Aug. 25, 2012


 

A new record minimum of the Arctic sea ice extent


 
Fig. 1a Arctic sea ice distribution captured on Sep. 24, 2007 by AMSR-E (absolute minimum recored). Fig. 1b Arctic sea ice distribution captured on Aug. 24, 2012 by AMSR2.
Fig. 1a Arctic sea ice distribution captured on Sep. 24, 2007 by AMSR-E (absolute minimum recored). Fig. 1b Arctic sea ice distribution captured on Aug. 24, 2012 by AMSR2.

Melt season in the Arctic Ocean came in the summer of 2012. The Arctic sea ice is shrinking at an unprecedented rate this year and set a record minimum. A record minimum sea-ice coverage of 4.21 million sq km was observed by satellite on 24 August 2012, one month earlier than previous minimum record set on 24 September, 2007.

Antarctica mosaic image of Phased Array type L-band Synthetic Aperture Radar (PALSAR) obtained from September 15–October 30, 2010
Fig. 2a Seasolan variation of the Arctic sea ice extent (updated on Aug. 24, 2012) Fig. 2b Zoom up of the square area in the left figure.

Shrinking rate of the Arctic sea ice is still kept high. Every year the sea ice shrinking continues until around the middle of September. The annual minimum of sea ice extent this year is possible to be less than 4 million sq km.

Coastal changes observed in Antarctica’s Pine Island Glacier

Fig. 3 Daily rate of the Arctic sea ice extent variation

The Figure 3 shows the daily rate of sea ice extent variation during May to August in 2003 to this year. Positive value indicates the extension of sea ice extent and negative value indicates the sea ice shrinkage. This summer sudden reduction of the sea ice extent occurred at the beginning of August. This event was coincident with the occurrence of the giant polar low over the Arctic Ocean which was captured by NASA’s MODIS sensor (Fig. 4).

Fig. 4 Satellite image of giant polar low over the Arctic Ocean on 7 Aug. 2012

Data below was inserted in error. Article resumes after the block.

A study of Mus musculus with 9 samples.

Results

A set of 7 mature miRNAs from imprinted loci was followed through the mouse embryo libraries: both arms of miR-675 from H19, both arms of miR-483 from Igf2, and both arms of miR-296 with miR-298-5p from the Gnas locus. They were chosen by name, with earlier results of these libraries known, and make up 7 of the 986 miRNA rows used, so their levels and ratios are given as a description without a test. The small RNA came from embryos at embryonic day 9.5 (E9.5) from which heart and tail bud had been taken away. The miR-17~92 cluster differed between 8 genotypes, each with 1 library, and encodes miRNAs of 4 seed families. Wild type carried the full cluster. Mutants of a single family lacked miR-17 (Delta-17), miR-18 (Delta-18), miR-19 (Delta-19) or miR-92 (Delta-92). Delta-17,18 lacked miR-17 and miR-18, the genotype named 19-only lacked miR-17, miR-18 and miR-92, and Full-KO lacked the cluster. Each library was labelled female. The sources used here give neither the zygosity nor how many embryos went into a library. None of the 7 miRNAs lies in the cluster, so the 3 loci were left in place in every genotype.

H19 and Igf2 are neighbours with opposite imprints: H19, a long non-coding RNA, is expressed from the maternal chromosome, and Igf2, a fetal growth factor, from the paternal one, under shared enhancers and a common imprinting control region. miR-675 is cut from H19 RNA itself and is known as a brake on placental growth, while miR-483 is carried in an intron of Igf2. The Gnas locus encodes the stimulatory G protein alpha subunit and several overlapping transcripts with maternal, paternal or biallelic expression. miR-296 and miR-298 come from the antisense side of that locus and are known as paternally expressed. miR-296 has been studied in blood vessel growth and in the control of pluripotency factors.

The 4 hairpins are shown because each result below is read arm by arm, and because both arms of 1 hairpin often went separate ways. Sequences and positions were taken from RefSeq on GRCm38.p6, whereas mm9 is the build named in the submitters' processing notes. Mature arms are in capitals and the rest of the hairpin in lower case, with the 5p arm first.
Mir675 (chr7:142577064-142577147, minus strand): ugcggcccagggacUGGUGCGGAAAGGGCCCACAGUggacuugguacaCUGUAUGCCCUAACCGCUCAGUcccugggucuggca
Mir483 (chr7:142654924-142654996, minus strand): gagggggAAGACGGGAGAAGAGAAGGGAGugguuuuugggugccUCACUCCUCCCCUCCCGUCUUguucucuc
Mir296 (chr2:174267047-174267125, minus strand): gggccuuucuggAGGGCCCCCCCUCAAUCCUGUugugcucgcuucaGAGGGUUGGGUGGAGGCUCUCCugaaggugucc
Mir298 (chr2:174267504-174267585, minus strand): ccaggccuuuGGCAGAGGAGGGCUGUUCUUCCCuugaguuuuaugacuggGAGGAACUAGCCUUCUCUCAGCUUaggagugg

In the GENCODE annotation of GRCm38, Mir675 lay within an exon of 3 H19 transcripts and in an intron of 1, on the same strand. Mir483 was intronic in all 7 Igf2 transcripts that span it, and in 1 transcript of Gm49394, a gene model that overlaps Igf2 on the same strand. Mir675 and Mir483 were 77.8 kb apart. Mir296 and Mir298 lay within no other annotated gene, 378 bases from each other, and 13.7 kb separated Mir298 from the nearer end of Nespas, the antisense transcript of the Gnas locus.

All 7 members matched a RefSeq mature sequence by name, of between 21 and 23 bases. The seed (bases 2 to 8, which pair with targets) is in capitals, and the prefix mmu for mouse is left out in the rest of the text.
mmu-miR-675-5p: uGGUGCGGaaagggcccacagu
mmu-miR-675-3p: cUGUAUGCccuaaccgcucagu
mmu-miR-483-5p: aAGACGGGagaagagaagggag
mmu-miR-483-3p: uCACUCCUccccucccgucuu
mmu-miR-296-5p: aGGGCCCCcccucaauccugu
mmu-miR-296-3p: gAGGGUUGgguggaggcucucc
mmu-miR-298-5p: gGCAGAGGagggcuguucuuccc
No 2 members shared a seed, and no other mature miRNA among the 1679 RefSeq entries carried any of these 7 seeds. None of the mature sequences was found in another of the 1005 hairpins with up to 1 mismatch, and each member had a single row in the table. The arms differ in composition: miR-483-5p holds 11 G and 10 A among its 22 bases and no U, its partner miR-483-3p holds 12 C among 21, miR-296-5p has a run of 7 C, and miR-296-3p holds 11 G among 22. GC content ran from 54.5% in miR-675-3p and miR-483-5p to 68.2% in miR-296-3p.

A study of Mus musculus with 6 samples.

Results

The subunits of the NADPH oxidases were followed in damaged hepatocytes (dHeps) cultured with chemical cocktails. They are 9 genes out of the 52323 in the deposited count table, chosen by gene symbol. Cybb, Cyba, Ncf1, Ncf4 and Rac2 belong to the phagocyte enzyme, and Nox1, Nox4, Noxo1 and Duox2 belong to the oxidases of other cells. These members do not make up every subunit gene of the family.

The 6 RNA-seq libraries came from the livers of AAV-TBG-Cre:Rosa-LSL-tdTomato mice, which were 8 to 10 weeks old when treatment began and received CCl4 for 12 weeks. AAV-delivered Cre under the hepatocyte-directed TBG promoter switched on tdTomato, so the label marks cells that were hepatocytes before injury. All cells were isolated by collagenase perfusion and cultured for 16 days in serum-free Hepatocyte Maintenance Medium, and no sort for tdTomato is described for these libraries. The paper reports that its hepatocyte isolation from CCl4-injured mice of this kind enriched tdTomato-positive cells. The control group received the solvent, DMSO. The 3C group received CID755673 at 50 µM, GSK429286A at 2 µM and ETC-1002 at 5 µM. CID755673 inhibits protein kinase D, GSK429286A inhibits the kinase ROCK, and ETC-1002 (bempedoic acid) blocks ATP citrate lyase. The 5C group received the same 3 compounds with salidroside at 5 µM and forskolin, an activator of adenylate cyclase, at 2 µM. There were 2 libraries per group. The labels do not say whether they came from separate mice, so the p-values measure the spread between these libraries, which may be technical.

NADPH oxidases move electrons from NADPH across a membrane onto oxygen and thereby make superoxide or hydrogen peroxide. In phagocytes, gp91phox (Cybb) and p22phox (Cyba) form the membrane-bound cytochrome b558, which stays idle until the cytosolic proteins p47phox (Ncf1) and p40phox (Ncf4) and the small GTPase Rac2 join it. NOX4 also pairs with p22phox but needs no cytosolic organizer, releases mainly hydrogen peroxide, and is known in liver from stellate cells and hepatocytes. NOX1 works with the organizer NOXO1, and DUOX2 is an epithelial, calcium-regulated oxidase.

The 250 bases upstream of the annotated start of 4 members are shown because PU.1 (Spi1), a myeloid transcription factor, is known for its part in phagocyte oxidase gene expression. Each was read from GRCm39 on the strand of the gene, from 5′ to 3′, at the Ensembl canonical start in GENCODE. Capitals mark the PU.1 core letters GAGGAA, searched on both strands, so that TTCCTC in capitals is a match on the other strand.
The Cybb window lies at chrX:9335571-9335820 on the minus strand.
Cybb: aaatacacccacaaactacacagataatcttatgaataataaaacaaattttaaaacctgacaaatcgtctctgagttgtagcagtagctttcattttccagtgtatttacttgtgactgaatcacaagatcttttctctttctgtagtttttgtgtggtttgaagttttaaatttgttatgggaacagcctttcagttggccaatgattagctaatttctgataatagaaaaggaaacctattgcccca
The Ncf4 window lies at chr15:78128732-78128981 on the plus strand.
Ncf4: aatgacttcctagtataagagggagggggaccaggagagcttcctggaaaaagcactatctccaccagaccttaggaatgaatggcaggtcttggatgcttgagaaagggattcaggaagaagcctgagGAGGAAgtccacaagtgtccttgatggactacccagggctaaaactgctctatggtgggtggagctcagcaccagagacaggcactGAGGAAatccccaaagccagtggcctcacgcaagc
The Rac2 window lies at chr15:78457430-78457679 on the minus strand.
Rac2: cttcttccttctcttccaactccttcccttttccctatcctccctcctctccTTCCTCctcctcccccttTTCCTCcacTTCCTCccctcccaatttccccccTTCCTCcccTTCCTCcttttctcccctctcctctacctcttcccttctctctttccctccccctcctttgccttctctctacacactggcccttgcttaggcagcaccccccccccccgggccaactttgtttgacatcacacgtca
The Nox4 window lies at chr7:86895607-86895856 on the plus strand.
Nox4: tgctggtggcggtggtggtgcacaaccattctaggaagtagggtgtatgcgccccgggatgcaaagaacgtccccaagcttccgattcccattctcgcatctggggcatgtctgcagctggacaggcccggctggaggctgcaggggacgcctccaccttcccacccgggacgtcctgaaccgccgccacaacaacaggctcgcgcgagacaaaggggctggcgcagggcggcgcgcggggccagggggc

(Sea level pressure and wind vector data is provided by Japan Meteorological Agency)

The size of the polar low is about that of the Japan islands. AMSR2 captured well the scene of the rapid sea ice reduction under the giant low system as seen in Fig. 5 (animation). The Arctic sea ice extent continued to decrease in the middle of August and at last set the absolute minimum record on 24 August.

Fig .5 Animation of AMSR2 brightness temperature images
(Jul. 3-Aug. 24, 2012)

The shrinkage of the Arctic sea ice will continue for a while till the middle of September. JAXA has continued to monitor the Arctic sea ice and to report the latest information.

You can find the latest data and images of sea-ice extent in the Arctic Ocean as well as previous observation images on Arctic Sea-Ice Monitor in the IARC-JAXA information system (IJIS) maintained by JAXA and located at the International Arctic Research Center (IARC, Fairbanks, Alaska). (URL:http://www.ijis.iarc.uaf.edu/cgi-bin/seaice-monitor.cgi?lang=e)



Explanation of the Images:


(Fig. 1a)
Satellite: Earth Observing System (EOS), Aqua, NASA
Sensor: Advanced Microwave Scanning Radiometer for EOS (AMSR-E)
Date:

September 24, 2007


(Fig. 1b)
Satellite:

Shizuku (GCOM-W1) (JAXA)

Sensor: Advanced Microwave Scanning Radiomet 2 (AMSR2), (JAXA)
Date:

August 24, 2012


Figure 1 shows the calculated concentration of sea ice based on the algorithm developed by one of the Principal Investigators (PI) for AMSR2 algorithm development, Dr. Josefino C. Comiso from NASA GSFC. The calculation uses 36.5-GHz and 18.7-GHz horizontal and vertical polarization data of the AMSR-E or AMSR2. The spatial resolution of Fig. 1 data is approximately 25km.

(Fig. 4)
Satellite: Earth Observing System (EOS), Aqua, NASA
Sensor: Advanced Microwave Scanning Radiometer for EOS (AMSR-E)
Date:

August 7, 2012

Figures 4 shows RGB color composite of MODIS reflectance at band 7, 5, 2. The spatial resolution is approximately 5km.

(Fig. 5)
Satellite: Shizuku (GCOM-W1) (JAXA)
Sensor: Advanced Microwave Scanning Radiomet 2 (AMSR2), (JAXA)
Date:

July 3 - August 24, 2012

Figure 5 shows animation of AMSR2 brightness temperature images. The RGB composite images using 36GHz-V、18GHz-V、89GHzPR (Polarization Ratio). The spatial resolution is approximately 5km.